A pitch is an important tool in your entrepreneurial toolbox.

This is a concise presentation of you and your business idea, where empathy and body language are as important as the content.

The content should be short and concise - the aim here is to say as much as possible in a few words. This is a bit of an exercise, so it requires some work and, above all, trial and error.

Get them on the hook

Start the pitch by introducing yourself and briefly outlining your idea.

It is important that you grab the attention of your audience here, so that they listen to you from start to finish.  

It's a good idea to have an attention-grabbing tagline. The aim is to get your listeners curious and want to know more. A tagline is a sentence or phrase that sums up your idea. Preferably in a slightly tongue-in-cheek way. The tagline should create a lasting impression on the people you are talking to.

After you've said your tagline, follow up with the problem you're going to solve. Speak to the emotions and describe the problem. Show, don't tell. Feel free to include statistics and facts to back up what you say, but be careful not to get too technical. In most settings, you will be pitching to people who do not have the same professional expertise as you. Therefore, to ensure that as many people as possible follow along, minimize the use of technical terms.

The solution

So, on to your solution. What and how you're going to fix this problem. Have you done any market research? Include a summary of what people think. Maybe the results of the survey are something you can use at the start of the pitch to get people on the hook?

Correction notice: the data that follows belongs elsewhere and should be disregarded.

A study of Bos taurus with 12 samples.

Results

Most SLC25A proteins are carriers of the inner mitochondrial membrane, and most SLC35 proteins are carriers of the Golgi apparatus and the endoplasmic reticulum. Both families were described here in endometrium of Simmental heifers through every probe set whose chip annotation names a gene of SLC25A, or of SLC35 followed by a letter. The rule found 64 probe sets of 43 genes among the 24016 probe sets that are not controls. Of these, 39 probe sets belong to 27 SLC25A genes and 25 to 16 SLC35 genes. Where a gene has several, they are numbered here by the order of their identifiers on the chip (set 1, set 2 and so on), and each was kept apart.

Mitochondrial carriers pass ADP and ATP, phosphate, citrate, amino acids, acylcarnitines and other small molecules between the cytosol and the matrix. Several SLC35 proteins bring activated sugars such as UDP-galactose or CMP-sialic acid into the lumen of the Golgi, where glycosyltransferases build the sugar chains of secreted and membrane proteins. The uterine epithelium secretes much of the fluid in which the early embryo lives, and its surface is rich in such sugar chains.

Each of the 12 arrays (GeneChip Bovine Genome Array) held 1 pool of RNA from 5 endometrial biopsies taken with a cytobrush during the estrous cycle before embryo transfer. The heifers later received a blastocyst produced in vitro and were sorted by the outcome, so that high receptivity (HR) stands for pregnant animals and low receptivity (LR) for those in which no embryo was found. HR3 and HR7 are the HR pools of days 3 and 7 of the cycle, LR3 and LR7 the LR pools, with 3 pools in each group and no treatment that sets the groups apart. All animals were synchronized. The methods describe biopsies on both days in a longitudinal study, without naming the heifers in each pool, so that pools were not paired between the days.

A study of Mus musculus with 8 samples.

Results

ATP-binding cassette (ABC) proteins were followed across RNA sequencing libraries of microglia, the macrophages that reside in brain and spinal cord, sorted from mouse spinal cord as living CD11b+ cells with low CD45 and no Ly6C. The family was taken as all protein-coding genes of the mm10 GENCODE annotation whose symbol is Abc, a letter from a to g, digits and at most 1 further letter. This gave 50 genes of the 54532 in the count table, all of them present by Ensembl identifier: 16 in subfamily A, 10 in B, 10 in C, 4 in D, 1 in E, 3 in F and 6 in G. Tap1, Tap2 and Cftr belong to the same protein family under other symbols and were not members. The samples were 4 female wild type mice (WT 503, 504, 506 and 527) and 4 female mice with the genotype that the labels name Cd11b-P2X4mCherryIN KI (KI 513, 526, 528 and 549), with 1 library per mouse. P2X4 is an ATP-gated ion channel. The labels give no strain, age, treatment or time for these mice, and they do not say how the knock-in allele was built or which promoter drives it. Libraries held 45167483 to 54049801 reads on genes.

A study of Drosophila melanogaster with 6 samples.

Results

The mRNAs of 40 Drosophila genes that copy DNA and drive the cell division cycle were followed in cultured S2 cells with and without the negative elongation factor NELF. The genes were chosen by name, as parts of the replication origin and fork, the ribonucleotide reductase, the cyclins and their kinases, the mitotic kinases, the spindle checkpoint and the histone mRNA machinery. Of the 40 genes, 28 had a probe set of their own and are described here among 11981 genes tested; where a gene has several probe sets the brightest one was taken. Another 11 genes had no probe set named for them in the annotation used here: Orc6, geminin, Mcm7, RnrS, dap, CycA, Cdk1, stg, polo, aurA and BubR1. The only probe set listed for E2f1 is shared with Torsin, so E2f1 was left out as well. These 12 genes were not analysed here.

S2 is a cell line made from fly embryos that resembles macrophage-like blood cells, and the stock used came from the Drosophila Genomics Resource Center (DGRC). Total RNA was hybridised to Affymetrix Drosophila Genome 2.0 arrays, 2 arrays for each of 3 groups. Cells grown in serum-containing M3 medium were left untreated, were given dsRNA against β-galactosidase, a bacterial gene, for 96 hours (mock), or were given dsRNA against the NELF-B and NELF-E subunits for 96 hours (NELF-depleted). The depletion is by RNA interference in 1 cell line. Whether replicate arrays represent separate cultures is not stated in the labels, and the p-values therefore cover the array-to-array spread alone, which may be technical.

After this, follow up with the Unique Value Proposition - this is a way to clearly show what makes your product/service different from your competitors. What makes your idea unique?

Call to action

Conclude your pitch with a call to action (CTA). What do you want to achieve with your pitch? Include one to two sentences that sum up what you've talked about and your search.

What about your audience?

When preparing your pitch, it is important to think about who you are talking to. Your presentation should be tailored to your audience. Always have a general presentation ready, but adapt it to who you are speaking to. Same core content, but different packaging.

How to present your pitch!

How you present your pitch is as important as what you say. Some would argue that it is even more important than what you say.

  • Practice a lot
    If you know what to say, it's much easier to present with confidence, which makes you seem more credible.
  • It is not only what you say that is important, but also how you say it
    Your manner, body language, voice and eye contact are all important contributors to getting your points across. Make eye contact with the people you are talking to. Speak loudly and clearly. And last but not least - glow! Be engaged and enthusiastic about what you are talking about.
  • Use instruments
    A pitch can be delivered in many different ways and places. If it's in a typical setting where you have access to a screen, include a powerpoint where you can show illustrations and key points. Do you have a prototype in place? Show it.

And remember, practice makes perfect!